I am starting to dislike weddings.
No, this is not about mine.
Rather, I want to talk about the work that goes into someone else’s wedding especially from the perspective of those who prepare a wedding. Let’s start with the DJ. Some DJs are in the DJ business with the operative word being “business.” Next, the caterers: whether it’s a formal banquet for a major corporation, catering for Thanksgiving or Christmas lunch, the food is more or the less same. Oh sure, the bride and groom might have their say, but at the end of the day, they are choosing from the same menu: chicken, beef pot roast, or fish or all of the above in a buffet. You might not realize it, and many may deny it because all brides want their “special” day, but many American weddings use the same play book.
Where do I come in? I was the floral designer’s helper. My parents are friends with the parents of the groom. The bride and groom asked my mom to make the floral arrangements for them. However, the wedding was in north San Diego (City of Vista) which was about 80 miles south of Los Angeles. My dad and brother did not want to go and were unavailable, even though my brother was the youth counselor of the groom for many years. That left me and I did have a SUV with lots of room for all the flowers.
Thus, my mom and I drove down to Vista on the I-5S with major traffic. It took 2 hours with normal San Diego-bound traffic.
I unloaded all the flowers and my mom did all the work. Since I helped, I was invited to the wedding plus the banquet. Again, the format was the same: ceremony, reception, banquet. All the hours of prep by the caterers, florist, facility staff, and events coordinator – 30 minute ceremony and no one pays attention to anything that goes well. It’s always the bad stuff that people remember more.
Case in point: my mom ran out of potted floral arrangements like the ones above – there were more rows than expected. The mother of the bride said: “No one notices and no one will notice.”
The ceremony was good except the officiant the couple wanted – their favorite pastor – got COVID. That’s a 2020s wedding. They asked another pastor to do the ceremony instead. He did not have say anything about being a replacement, except he did. Remember, I’m just the floral designer’s helper. I barely knew anyone there. It’s one of those things that make no difference. Perhaps the only people who did care are the friends of the happy couple.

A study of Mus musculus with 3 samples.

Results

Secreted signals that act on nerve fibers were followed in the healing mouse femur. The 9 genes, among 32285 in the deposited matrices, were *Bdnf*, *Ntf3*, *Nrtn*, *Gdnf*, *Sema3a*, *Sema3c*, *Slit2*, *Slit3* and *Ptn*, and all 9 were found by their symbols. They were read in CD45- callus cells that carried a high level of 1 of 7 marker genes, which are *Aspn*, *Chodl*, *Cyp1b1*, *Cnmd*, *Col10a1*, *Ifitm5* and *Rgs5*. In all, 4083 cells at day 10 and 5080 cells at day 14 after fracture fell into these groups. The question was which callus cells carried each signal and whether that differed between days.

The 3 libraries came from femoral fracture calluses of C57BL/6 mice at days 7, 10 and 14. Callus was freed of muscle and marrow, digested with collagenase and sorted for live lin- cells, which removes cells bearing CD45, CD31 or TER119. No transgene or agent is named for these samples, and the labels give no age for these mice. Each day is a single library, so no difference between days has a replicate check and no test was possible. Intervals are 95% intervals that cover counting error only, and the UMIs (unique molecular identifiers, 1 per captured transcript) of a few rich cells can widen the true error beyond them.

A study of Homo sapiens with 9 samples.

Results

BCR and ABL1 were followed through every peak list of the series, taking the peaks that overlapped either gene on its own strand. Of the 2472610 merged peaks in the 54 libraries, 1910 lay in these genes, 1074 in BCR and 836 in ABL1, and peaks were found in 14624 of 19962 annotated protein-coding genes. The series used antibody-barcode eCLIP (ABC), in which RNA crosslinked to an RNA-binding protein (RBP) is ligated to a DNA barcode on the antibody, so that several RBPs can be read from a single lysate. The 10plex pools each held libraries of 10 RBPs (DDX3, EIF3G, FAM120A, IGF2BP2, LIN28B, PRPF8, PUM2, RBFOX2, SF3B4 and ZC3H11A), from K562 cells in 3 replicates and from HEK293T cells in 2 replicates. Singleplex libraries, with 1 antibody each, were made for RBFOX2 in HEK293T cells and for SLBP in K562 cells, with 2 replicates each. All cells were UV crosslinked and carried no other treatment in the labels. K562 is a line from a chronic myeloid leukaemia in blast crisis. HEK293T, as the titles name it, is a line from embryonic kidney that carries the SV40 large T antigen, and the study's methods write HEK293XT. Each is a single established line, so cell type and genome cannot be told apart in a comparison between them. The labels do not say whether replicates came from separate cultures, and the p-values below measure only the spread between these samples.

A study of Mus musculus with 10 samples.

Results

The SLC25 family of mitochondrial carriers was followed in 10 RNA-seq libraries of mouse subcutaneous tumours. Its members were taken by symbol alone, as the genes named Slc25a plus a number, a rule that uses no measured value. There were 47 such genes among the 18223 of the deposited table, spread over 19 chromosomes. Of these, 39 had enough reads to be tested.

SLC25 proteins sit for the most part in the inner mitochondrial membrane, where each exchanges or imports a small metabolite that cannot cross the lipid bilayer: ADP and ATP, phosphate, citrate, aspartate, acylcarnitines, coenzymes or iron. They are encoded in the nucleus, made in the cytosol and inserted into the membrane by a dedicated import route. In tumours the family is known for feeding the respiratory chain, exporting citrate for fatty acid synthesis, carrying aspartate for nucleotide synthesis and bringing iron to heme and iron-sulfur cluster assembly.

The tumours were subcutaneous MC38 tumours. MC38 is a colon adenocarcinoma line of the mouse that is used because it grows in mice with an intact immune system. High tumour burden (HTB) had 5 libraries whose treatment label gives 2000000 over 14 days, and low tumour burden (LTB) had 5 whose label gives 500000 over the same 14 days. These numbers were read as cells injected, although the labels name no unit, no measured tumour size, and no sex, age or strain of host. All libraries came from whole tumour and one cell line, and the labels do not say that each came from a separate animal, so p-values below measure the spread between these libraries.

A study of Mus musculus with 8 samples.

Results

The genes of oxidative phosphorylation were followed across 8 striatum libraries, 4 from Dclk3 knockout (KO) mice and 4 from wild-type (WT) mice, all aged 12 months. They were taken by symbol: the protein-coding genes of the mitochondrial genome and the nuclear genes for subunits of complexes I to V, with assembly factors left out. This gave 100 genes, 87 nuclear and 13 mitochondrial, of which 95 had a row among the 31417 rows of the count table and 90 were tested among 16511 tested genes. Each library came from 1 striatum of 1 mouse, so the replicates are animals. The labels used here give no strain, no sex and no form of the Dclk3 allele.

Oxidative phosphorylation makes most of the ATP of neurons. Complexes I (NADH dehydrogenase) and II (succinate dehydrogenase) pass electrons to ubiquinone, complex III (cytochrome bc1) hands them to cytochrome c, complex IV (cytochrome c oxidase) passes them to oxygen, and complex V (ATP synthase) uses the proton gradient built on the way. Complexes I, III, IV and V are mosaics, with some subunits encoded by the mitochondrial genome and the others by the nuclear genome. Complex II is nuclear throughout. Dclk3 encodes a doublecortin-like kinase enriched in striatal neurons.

My mom and I left a little earlier before the official end of the wedding for the 60+ miles back to Huntington Beach. It should have been a 70 minute car ride back. In fact, it turned into a 3 hour long ordeal.
Somewhere south of San Clemente, my car overheated and since I was in the fast lane, I pulled over to the left shoulder. I immediately put on the hazard lights. I called AAA and they scheduled a tow, except they couldn’t find me! The irony as I discovered while waiting in the car – we were next to an AAA Auto Club office. Twenty, thirty, forty minutes pass, and still no tow!
I called back to AAA only to be put on hold over 30 minutes.
Eventually, I called 911 to expedite. Soon a CHP officer arrived and we talked. He said he would turn around and turn close off traffic so that I could head to the nearest freeway exit which was fortunately close enough. I made it to the nearest gas station which was 1) safer and 2) easier for the tow truck to find us.
We also learned the real reason for the delay: apparently my location was near the conjunction of two different AAA licensed towing companies. Neither company thought I was in their territory. By relocating to the gas station, we were then inside one company’s territory. The CHP officer found us at the gas station and asked if he needed to stay with us. That area was well lit and safe so we felt safe enough for him to leave. About 10 minutes later, the tow truck arrived.
From there, it was “easier”. The truck driver pulled my car into the flatbed and we drove the remaining 30 miles back to Huntington Beach. By then, it was 11:30PM – a full hour and half later from when were scheduled to return home.
During that time, my mom and I were praying – praying for physical safety. That portion of the I-5 was dangerous because traffic was often 70 or even 80 mph. Making to the gas station with the help of the CHP officer was another small miracle. My car could have refused to start again but it did. The final stage, from San Clemente to HB, was also a small miracle.
Because of the stress and adrenaline, I could not sleep for another hour or so. I did doze off around 00:20 AM. By then, my last thought was: I hope I never have another breakdown like that. I mean, I take very good car of my cars, but sometimes bad things just happen.
I do thank God for getting us home safe and unharmed.
The other downside: we still had some flowers soaking in water. When the tow truck pulled my car up, the buckets still with water inside tipped. Thus my car’s truck was waterlogged. Grrrrrrrrrrrrrrrrrrrrrrrrrrrrrrrrr
Morale of the story:
- Take good care of your vehicles.
- Bad things can still happen even after you take good care of your vehicles
- CHP officers work hard and know public safety and stop giving them a hard time.
- Weddings are hard work and stop giving wedding support staff a hard time.
Perhaps because of this experience, I am starting to dislike weddings. People expend so much time, money, and energy for one special day that they forget that marriage is for life. Why are we not spending that much time, money, and energy on marriage?